Attempts to reach the manufacturers of the products were not successful. A website listed on the package of Scooby Snax was no longer functional; no manufacturer was listed on the package of Real Live. Neither package listed the ingredients.
A quick Internet search makes clear that people are using herb products to get high. A series of YouTube videos show teenagers and young adults smoking Scooby Snax while commenting on the sensations it induces.
"This is pretty good [stuff]," says one young teenage boy, inhaling deeply from a bong made out of a plastic water bottle.
"I feel pretty good now. I feel pretty high," said another bleary-eyed young man.
Some commenters on the videos warn their fellow users of serious side effects. "I know people that had strokes. It makes your heart beat real fast," wrote one.
"That stuff gives me panic attacks," wrote another.
Dr. Joshua Sharfstein, Maryland's health secretary, says the availability of synthetic marijuana can lead people to think it is safe.
"Just because something is sold at a gas station does not mean it is safe for kids," Sharfstein said. "Synthetics have been linked to some very serious side effects: catatonia, seizures, hallucinations."
Sharfstein lobbied the state legislature this year to impose a state ban on synthetic marijuana, without success. He lauded the federal ban, which covers not just chemicals known to mimic marijuana, but also their chemical analogs. In the past, manufacturers of such products have responded to more narrowly worded bans by slightly altering chemical formulas.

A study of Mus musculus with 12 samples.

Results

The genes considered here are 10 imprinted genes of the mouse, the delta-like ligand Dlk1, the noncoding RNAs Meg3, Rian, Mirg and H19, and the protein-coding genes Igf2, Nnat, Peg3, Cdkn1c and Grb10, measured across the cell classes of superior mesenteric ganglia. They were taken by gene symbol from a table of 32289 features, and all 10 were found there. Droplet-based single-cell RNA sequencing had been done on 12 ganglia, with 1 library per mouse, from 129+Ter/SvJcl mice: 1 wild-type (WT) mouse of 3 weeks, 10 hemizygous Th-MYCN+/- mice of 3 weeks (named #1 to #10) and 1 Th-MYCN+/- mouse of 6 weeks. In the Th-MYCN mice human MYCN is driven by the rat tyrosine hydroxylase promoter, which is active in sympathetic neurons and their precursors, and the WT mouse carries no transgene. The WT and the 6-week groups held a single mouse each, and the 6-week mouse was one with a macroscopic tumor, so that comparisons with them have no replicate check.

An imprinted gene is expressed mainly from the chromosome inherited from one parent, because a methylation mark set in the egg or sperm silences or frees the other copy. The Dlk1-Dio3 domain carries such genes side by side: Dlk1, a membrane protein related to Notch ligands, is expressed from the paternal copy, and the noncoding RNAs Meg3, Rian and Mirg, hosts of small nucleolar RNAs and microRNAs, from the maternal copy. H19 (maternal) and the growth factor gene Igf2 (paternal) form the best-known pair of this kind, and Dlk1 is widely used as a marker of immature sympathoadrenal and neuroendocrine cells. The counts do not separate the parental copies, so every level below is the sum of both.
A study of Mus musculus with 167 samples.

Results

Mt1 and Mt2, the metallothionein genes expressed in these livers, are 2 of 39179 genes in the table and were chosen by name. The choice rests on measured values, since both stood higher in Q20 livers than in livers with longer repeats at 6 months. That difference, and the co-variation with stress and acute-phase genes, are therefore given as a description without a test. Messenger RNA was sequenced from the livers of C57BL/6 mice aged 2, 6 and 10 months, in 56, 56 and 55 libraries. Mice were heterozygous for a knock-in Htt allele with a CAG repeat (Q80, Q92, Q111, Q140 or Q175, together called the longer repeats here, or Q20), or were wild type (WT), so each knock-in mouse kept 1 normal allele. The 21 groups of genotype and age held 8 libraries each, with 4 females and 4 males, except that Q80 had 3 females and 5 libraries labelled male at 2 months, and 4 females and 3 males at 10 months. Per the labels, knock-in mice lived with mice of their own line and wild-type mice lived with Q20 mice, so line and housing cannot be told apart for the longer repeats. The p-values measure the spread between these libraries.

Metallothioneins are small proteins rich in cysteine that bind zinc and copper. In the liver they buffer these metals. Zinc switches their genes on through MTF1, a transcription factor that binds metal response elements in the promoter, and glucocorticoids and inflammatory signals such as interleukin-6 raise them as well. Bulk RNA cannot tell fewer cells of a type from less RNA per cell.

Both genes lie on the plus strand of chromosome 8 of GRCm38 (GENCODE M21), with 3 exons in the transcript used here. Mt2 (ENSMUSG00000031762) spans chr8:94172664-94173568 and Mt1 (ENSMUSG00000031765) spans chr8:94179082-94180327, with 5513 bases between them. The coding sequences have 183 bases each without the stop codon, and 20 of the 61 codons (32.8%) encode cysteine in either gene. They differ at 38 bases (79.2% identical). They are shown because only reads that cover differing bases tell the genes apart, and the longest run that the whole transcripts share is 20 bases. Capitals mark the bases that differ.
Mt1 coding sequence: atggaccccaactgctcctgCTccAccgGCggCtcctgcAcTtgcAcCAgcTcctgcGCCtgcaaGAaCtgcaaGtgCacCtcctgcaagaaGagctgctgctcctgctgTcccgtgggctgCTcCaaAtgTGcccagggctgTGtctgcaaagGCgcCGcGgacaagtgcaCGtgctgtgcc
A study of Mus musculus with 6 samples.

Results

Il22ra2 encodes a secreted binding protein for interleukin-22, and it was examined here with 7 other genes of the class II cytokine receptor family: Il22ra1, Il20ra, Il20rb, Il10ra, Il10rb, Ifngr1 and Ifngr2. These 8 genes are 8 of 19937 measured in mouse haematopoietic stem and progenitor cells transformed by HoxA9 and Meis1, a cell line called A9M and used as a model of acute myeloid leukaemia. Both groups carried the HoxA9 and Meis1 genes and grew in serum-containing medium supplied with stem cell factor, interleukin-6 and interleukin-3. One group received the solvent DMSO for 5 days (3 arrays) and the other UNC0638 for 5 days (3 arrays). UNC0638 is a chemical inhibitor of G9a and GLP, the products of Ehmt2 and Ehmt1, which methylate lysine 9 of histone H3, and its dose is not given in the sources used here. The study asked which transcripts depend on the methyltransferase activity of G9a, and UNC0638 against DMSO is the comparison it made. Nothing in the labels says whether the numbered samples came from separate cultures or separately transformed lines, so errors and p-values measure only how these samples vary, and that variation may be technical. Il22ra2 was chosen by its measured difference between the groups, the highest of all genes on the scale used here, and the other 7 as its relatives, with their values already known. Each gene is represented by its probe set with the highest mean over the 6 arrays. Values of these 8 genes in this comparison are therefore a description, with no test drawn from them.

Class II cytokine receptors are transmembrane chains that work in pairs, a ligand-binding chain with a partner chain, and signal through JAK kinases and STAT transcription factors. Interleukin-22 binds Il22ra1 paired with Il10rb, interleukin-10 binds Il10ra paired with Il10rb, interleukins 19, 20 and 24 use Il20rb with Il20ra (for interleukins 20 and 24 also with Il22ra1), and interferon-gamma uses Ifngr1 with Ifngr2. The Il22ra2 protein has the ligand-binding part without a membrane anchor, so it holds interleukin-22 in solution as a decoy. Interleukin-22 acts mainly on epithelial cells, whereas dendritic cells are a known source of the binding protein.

"It's really easy to evade lists of chemicals because you can just tweak the molecule," Sharfstein said.
Data from Maryland's Poison Control Center show that 159 people contacted the center after using synthetic marijuana from the beginning of the year through mid-August, a slightly higher rate than last year. Four people wound up in critical care units and five in psychiatric facilities after using such products. Eleven others were hospitalized in regular hospital units.
Dr. Bruce Anderson, director of the Poison Control Center at the University of Maryland's School of Pharmacy, noted that the data does not show the number of people who used a drug, only those who contacted the center after being concerned about its effects.
In contrast, 50 people contacted Poison Control about marijuana use during the same period and 50 called about bath salts use.
Kotowski warned that even as authorities try to stamp out synthetic marijuana, manufacturers are likely cooking up new drugs to skirt existing laws — and people will be willing to try them.
"If people were told they could get high taking rat poison, they would take it," he said.